RULES AND SAFETY GUIDELINES
Check in with both the Americans with Disabilities Act (ADA) and local authorities as your first step. You’ll probably need to obtain a permit to install a ramp from your local building authority. It may also be necessary for you to comply with ADA standards. Not all states or communities enforce ADA standards for residential ramps, but following its guidelines will ensure that your ramp is wheelchair user safe. While the ADA states that ramps must be a minimum of 36 inches wide, check local building codes, too, because some states enforce wider ramp widths. Also note that any ramp that rises more than 6 inches in height must also have 36-inch high handrails on both sides for safety.
SPACE AND LANDING REQUIREMENTS
The ADA requires a ramp rise, in height, not more than 1 inch per every 12 inches of run, written as a 1:12 slope. For example, if you need a ramp to reach a 30-inch high porch, you’ll need a minimum of 30 lineal feet for the ramp.
Those lacking adequate lineal space can design a ramp with turns or switchbacks. But at every turn, the ADA requires a minimum 60-inch-by-60-inch level landing as a wheelchair rest. The ADA also requires a minimum 60-inch-by-60-inch landing at the bottom and at the top of the ramp. A ramp cannot begin to slope right outside the door; a level landing on the porch is necessary.
No ramp should rise above 30 inches without a level landing. For example, if your porch is 48 inches high, you’ll need 48 feet of lineal ramp and a 60-inch-by-60-inch landing somewhere along the ramp before it rises 30 inches. On a straight ramp, this could be accomplished by building a landing off to one side; on a switchback ramp, the landing could be at the turn. If you aren’t mandated to follow ADA rules, this particular guideline is less important for a person with a power chair, yet for someone operating a wheelchair by hand, a resting spot is essential.
CHOOSING THE RIGHT RAMP MATERIALS
Wood is most commonly used in residential ramp construction, but it’s not your only option.
• Wood: With basic carpentry knowledge you can DIY a wood ramp. You’ll sink support posts of approximately 30 inches into the ground and secure them with concrete. Treated wood is popular for wheelchair ramps, but composite planking for the floor may reduce warping. All wood surfaces should be sealed, and it’s wise to put non-skid strips on the floor planks to avoid slippery-when-wet conditions. You can also put indoor/outdoor carpet on the ramp floor. For extra durability, consider installing metal handrails; wood handrails have a tendency to splinter after a few seasons.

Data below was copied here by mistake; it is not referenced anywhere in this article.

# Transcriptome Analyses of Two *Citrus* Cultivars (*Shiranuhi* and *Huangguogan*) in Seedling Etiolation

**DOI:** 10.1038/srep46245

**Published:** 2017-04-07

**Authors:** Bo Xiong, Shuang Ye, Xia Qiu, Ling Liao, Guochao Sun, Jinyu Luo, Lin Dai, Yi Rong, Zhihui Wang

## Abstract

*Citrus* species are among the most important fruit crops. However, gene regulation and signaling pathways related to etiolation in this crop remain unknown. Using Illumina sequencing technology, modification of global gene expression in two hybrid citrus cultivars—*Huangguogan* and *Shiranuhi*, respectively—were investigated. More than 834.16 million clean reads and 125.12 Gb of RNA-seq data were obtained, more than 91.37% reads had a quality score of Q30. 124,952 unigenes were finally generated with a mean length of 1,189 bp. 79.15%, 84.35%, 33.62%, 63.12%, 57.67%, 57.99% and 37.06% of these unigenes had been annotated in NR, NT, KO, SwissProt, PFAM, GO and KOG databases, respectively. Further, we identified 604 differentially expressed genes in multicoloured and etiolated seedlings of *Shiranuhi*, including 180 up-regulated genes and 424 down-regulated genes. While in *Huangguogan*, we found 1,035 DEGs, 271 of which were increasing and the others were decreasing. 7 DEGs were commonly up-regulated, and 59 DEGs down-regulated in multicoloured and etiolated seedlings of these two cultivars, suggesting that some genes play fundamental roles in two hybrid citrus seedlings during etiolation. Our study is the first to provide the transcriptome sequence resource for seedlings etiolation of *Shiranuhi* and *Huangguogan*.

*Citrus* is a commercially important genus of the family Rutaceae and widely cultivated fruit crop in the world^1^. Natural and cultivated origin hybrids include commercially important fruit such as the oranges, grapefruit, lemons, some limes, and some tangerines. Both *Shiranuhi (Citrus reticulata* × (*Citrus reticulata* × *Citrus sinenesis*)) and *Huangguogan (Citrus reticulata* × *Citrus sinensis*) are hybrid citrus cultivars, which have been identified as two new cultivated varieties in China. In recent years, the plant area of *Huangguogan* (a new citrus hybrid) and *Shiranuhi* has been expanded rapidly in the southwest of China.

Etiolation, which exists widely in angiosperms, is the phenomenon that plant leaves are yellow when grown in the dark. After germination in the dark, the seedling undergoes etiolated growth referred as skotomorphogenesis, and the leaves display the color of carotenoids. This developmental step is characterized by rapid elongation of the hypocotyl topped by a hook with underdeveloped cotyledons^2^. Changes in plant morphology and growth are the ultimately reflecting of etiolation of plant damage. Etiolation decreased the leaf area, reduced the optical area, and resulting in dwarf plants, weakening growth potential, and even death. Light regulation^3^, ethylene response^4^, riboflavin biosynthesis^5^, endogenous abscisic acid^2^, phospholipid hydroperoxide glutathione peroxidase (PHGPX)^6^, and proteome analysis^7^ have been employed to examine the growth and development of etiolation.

• Concrete: Framing and pouring concrete is a technical undertaking, and wet concrete isn’t forgiving of mistakes, so concrete ramps are best constructed by a pro. Concrete ramps require footings and stem walls, and are typically filled with compacted sand before they are poured. Reasons to go with concrete include permanence and durability; you can even embed heat strips to prevent ice buildup in winter. Concrete is also a good choice for a ramp rise of only a few inches. If pedestrians will be using a low-rise ramp, go with a gentler, 1:18 slope, which makes walking more comfortable.
• Earth-berm: For aesthetic appeal, an earth-berm ramp can be worked into your landscape to look like meandering path that slowly rises to the porch. But this type of ramp requires compacting a lot of soil to build the berm (the ramp itself should be poured concrete). And while you can lay berm soil against masonry, such as a concrete or brick porch, soil should not come into contact with wood due to the risk of rot and termite infestation.
• Premade ramps: For a quick fix—or if you have difficulty obtaining a permit to build a wood or concrete ramp—a premade wheelchair ramp could be a smart solution. Premade ramps are typically removable, so they’re considered “private property” rather than “real estate,” and therefore not subject to building codes. Generally fabricated from aluminum or galvanized metal and designed to fit over existing steps, they start at a few hundred dollars for bare-bones models but could run into the thousands for higher quality and custom designs.